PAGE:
No Country For Old Men - 13 WTHR Indianapolis

No Country For Old Men

Updated:
David Swindle
Grade: A

At this point it is not possible to determine the level of greatness attained by the Coen brothers' "No Country for Old Men."

Oh, it's clearly an A. That much could not be more obvious. The question is whether or not it will rise to that mythical A+, the iconic, masterpiece film. The reason for this uncertainty is the nature of virtually every Coen brothers picture I've ever seen. With the brothers' films the first viewing is only the beginning. Subsequent re-watchings always deepen the appreciation and enjoyment of their films. "No Country for Old Men" will likely be no different. The thought arrived very clearly within the first fifteen minutes: "I'm probably going to be watching this again. I'll probably be watching this many times again."

The plot, themes, and characters are pure Coen brothers. This is in spite of being an adaptation from a novel - which my father insists is amazing - by Cormac Mccarthy.

The film begins with gorgeous images of the Texan deserts and soon introduces us to Llewelyn Moss (Josh Brolin.) Hunting for antelope out in the wilderness he comes across quite the scene: four parked cars, half a dozen bloody corpses, bullets all over the ground, a dying Mexican begging for water, a pickup truck full of heroin, and a satchel with $2 million in cash. Moss leaves with the money and makes his way back to his wife (Kelly MacDonald) and their trailer park home. Later he returns to the crime scene with water for the Mexican. It's here that he's attacked and is forced to flee, leaving his truck behind and thus revealing that he's the one who has the money.

This will come to be the gravest mistake he could possibly make as it unleashes upon him one of the Coen brother's greatest characters: the vicious, brilliant, psychopathic killer Anton Chigurh (Javier Bardem in an Oscar-caliber performance.) Chigurh is exhilarating to watch as he methodically hunts down Moss, leaving a trail of bodies wherever he goes. (Next time I see the movie I'm going to keep a tally of how many people he murders.) He's comparable to the terminator except he's more badass even with his ridiculous haircut.

In the middle of this monumental mess is a tired Texas sheriff named Ed Tom Bell played by Tommy Lee Jones, an honorable man who is no match for the brutal Chigurh and the other hired guns who have been sent to retrieve the money.

Fans of the Coens are likely to see some parallels between "Old Men" and the brothers' masterpiece "Fargo." Both films involve ordinary people - Moss in "Old Men" and William H. Macy's Jerry Lundegaard in "Fargo" - who foolishly involve themselves in criminal activity as a shortcut to financial success. What may seem like an easy, clean scheme then multiplies exponentially into a brutal, violent affair with killing after killing. In both films we see deeply sociopathic characters - Chirgurh in "Old Men" and the pair of Gaear Grimsrud (Peter Stormare) and Carl Showalter (Steve Buscemi) in "Fargo" - commit great evils. This amorality is then radically juxtaposed with the decency and nobility of the law enforcement characters of Marge Gunderson in "Fargo" and Bell in "Old Men." All these characters and themes are then presented against a beautiful, American background with wide open spaces: the snowy plains of Minnesota in "Fargo" and the Texan deserts of "Old Men."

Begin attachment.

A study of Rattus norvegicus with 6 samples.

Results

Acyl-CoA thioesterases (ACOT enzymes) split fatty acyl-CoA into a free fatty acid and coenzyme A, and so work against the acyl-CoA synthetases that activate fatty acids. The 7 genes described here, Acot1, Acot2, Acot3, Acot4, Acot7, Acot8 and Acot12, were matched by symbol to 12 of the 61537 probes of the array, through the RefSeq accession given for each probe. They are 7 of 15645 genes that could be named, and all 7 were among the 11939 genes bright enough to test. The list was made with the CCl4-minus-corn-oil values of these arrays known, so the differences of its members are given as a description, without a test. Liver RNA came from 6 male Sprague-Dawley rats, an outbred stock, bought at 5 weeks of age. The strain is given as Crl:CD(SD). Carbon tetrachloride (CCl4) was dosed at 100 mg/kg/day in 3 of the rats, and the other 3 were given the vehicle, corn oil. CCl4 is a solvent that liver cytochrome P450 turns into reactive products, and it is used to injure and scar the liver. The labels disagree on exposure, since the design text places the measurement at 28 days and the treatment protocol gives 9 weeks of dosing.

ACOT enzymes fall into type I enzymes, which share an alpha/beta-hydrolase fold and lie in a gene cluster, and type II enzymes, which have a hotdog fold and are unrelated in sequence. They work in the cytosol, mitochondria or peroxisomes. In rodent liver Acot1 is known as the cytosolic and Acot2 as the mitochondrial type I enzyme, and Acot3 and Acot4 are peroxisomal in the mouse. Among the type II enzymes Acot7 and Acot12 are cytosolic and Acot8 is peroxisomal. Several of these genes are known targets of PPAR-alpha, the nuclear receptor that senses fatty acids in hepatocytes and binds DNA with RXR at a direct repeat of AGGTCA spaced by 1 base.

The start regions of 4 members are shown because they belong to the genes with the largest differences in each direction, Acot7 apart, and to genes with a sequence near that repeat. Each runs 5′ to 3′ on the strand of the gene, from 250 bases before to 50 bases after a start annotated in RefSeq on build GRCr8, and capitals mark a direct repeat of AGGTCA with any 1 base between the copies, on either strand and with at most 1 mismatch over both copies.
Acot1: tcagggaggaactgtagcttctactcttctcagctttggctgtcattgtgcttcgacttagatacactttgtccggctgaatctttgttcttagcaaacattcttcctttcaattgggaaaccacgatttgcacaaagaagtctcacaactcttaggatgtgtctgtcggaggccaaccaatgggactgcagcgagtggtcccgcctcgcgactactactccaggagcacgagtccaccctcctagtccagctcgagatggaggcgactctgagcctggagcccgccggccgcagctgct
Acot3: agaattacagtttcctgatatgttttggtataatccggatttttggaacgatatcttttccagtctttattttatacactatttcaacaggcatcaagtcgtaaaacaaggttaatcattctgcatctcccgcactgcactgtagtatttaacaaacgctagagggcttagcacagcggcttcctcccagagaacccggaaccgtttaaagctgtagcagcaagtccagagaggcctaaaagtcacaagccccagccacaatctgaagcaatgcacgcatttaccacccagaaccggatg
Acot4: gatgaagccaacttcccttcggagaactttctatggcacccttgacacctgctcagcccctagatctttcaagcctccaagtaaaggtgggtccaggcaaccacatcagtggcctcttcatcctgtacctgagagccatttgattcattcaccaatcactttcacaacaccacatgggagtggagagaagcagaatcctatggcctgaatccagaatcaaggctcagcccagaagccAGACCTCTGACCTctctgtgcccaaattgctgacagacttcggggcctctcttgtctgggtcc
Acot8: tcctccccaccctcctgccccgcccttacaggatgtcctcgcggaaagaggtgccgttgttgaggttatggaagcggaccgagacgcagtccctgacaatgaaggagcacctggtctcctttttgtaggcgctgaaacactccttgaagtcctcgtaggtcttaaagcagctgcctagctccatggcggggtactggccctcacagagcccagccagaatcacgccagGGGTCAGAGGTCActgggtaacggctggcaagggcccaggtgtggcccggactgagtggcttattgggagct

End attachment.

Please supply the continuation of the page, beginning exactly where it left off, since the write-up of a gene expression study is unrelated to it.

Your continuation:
Despite these similarities "Old Men" is still fresh and lively and does not seem like a retread of where the Coens have been in past films. They're not making "Fargo 2" here. The Coens are simply working within their oeuvre. It's no different than Martin Scorsese making "The Departed" after having done "Casino," "Goodfellas," and "Mean Streets." The themes and ideas that excite the Coens are rich enough to inspire a lifetime worth of films.

As might be apparent, I'm quite a fan of "Fargo." One of my personal heroes, Roger Ebert - the Zeus of film critics - named it the fourth best film of the '90s, beaten only by "Goodfellas," "Hoop Dreams," and "Pulp Fiction." In my pantheon of favorite '90s cinematic perfections I'd wager only "Malcolm X" and "Crumb" as potential challengers. For some reason the word that just keeps returning over again is "rich." It's just a film brimming with life and meaning from beginning to end. Everything in it is burning. Characters, dialogue, cinematography, acting, plot - all perfect. It's just a film to pop in again and again. Sometimes I'll watch it just to spend time with Marge Gunderson, the lovable pregnant police chief who unravels the whole case. While I may be uncertain about "Fargo" being the best film of the '90s what I can say for certain is that Marge is my favorite cinematic character of all time. It's hard to imagine a more likable burst of sunshine than her.

I gush over "Fargo" to illustrate a point: "No Country For Old Men" might be as good as, possibly even better than, "Fargo." It's a radical thought that I never expected to have. The Coen brothers made their masterpiece and that was that. They'd never come anywhere near that peak. Some films are just so perfect that you never expect the director to ever come near them again. They're just so rare. Is anyone expecting Steven Spielberg to make a film better than "Schindler's List"? How about for Darren Aronofsky to top "Requiem for a Dream"?

But it looks like they might have done it. I mean just with characters alone they're up there with "Old Men." Bardem as Chigurh is almost the mirror opposite of Marge Gunderson. He's a character just as hypnotic, authoritative, seductive and endlessly cool. He's so compelling and focused in his mission that, despite his stone cold heart, a part of you even roots for him to come out on top.

But as I said, the film is still at least two or three more viewings away from knowing for sure - and that task is one I'm really anticipating.